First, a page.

Party backed by Hafiz Saeed scores a duck; his son and son-in-law lose big

Extremist and banned groups, including Mumbai attack mastermind Hafiz Saeed-backed Allah-o-Akbar Tehreek, have failed miserably in Pakistan's general elections despite their massive campaign.

Imran Khan's Pakistan Tehreek-e-Insaaf (PTI) has emerged as the single largest party in the country's general elections. While final results are expected in the coming hours, initial outcomes show that Imran Khan would become Pakistan's next Prime Minister. PTI supporters rejoiced by waving flags and raising party slogans as results trickled in after the voting on Wednesday.

Hundreds of individuals linked with hardline and banned groups were competing in the polls but so far, according to the unofficial results, none of them was seen as winning a seat in the national or provincial assemblies

Only few could garner a respectable number of votes including Maulana Muhammad Ahmad Ludhianvi whose name was removed from a banned list called Fourth Schedule ahead of election and allowed to contest, inviting international backlash.

Geo TV reported that hat Ludhianvi received more than 45,000 votes but was nowhere close to the victory.

Before the elections, concerns were raised in the country over the participation of hardline Islamist groups in large numbers.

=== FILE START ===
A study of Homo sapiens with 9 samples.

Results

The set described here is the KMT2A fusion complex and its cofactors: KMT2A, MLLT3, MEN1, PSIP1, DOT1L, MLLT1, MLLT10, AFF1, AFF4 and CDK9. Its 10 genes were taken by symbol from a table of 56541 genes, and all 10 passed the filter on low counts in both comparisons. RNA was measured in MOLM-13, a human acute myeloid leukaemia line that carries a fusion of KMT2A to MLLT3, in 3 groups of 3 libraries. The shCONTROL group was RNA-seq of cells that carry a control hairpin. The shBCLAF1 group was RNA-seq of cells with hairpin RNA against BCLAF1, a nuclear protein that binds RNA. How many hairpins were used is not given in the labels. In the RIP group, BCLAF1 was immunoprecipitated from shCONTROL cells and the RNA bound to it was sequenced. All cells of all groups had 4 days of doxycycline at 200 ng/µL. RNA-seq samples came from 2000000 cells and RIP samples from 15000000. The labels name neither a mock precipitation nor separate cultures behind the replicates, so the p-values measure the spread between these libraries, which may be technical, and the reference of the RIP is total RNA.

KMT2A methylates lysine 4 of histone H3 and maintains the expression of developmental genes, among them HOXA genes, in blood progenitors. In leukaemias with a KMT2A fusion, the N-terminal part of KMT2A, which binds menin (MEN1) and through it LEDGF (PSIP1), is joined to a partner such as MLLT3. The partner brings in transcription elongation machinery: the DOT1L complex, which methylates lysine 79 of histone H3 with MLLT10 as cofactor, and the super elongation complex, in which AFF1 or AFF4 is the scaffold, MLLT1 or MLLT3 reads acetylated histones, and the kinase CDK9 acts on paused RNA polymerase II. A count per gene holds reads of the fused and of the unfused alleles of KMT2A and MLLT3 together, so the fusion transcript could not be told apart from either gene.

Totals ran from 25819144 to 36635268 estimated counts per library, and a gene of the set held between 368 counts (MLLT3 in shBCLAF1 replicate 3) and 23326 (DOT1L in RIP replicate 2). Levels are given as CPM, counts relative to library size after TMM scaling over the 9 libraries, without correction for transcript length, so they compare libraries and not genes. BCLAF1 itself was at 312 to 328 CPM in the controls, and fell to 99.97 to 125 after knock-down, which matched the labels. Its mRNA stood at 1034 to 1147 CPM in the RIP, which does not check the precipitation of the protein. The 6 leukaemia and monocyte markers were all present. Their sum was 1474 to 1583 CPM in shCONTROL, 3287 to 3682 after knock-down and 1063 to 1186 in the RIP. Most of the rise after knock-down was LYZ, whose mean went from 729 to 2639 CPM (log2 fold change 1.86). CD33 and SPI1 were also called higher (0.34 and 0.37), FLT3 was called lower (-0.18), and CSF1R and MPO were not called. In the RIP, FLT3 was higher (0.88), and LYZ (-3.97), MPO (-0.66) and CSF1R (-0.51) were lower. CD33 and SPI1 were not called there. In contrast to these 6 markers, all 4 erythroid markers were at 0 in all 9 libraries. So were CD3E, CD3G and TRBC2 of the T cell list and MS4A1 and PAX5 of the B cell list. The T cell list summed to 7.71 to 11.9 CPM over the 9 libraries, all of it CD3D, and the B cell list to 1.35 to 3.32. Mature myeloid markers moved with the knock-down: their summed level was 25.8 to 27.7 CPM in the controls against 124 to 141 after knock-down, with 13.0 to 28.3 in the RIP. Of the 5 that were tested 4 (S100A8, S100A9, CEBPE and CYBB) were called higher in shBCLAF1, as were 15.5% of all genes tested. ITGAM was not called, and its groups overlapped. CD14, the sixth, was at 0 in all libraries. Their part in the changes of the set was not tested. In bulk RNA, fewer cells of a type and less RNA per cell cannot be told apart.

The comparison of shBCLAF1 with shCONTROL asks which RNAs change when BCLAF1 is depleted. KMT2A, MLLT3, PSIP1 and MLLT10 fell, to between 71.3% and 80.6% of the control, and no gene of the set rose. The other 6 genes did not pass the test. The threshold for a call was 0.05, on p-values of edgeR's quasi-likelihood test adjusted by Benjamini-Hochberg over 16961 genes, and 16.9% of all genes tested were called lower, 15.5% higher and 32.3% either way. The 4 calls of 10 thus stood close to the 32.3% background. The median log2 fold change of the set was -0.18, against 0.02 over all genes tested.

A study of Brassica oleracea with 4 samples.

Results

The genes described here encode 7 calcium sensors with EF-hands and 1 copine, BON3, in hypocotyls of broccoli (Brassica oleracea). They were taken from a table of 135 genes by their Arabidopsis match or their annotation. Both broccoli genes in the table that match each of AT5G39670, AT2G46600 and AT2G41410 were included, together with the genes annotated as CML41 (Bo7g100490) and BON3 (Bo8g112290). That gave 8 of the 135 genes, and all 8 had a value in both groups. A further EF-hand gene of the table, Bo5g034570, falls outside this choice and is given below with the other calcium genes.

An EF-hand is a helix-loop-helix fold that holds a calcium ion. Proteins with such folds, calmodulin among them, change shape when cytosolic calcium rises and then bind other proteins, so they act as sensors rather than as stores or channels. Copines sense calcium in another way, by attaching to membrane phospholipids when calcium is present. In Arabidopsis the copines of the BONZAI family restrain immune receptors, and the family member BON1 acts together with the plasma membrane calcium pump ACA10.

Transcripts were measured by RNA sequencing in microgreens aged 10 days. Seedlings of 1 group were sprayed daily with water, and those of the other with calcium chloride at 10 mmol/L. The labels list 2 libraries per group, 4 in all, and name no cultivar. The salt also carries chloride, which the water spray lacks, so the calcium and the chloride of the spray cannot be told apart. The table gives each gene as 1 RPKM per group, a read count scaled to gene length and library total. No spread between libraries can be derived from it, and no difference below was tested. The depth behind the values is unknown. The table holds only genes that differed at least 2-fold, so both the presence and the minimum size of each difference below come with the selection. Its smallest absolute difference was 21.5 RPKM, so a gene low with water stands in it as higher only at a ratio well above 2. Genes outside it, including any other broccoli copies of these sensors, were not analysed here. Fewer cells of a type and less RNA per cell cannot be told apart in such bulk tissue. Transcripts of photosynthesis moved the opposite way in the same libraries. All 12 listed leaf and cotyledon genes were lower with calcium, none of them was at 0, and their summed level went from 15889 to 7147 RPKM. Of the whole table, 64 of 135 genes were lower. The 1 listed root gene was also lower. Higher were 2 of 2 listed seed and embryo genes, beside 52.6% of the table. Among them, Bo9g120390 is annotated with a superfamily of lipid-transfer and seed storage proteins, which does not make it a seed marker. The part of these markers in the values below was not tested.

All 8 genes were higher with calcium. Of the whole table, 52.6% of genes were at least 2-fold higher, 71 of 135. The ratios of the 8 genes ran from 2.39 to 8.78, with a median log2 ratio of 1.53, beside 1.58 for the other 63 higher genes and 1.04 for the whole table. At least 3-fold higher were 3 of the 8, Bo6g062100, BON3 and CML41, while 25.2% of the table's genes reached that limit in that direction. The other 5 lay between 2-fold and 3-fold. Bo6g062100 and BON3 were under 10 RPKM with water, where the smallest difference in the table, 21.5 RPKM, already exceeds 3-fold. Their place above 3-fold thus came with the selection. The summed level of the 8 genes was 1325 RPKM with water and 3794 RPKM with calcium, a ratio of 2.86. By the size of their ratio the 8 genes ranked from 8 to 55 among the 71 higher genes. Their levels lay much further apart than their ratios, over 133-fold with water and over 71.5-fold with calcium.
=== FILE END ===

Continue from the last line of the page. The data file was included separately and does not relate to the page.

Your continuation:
Mili Muslim League linked with Saeed fielded dozens of candidates from the Allah-o-Akbar Tehreek as it was denied recognition by the Election Commission of Pakistan. Saeed himself led the campaign by addressing several rallies but his candidates were not seen anywhere near victory.

Hafiz Talha Saeed, the son of Hafiz Saeed, contested from NA-91 seat from Sargodha (about 200-km from Lahore), the home town of the Jamaat-ud Dawa leader. Saeed's son-in-law, Khalid Waleed, was a candidate in PP-167.

Tehreek-e-Labaik Pakistan (TLP), a Sunni sectarian group, fielded more than 100 candidates but none of them came closer to victory, according to unofficial results so far.

Mutahida Majlis-e-Aml (MMA) was the biggest religious alliance of several leading parties was leading on only eight seats of national assembly despite massive campaign by its leader which included influential Maulana Fazlur Rehman. 

As per the latest results available, PTI was ahead in 119 of 272 contested National Assembly constituencies, while its main rival Pakistan Muslim League-Nawaz (PML-N) was way behind with 61 seats. The Pakistan People's Party was leading on 40 seats.

Pakistan's National Assembly comprises a total of 342 members, of which 272 are directly elected whereas the rest - 60 seats reserved for women and 10 for religious minorities - are selected later through proportional representation among parties with more than 5% of the vote.

A party can only form the government if it manages to clinch 172 seats in total. A single party will need at least 137 of the directly elected seats to be able to form the government on its own.

The PML-N and the PPP, both raised questions on the transparency of the vote counting process, alleging their polling agents were not allowed to verify vote counts as is mandated by law.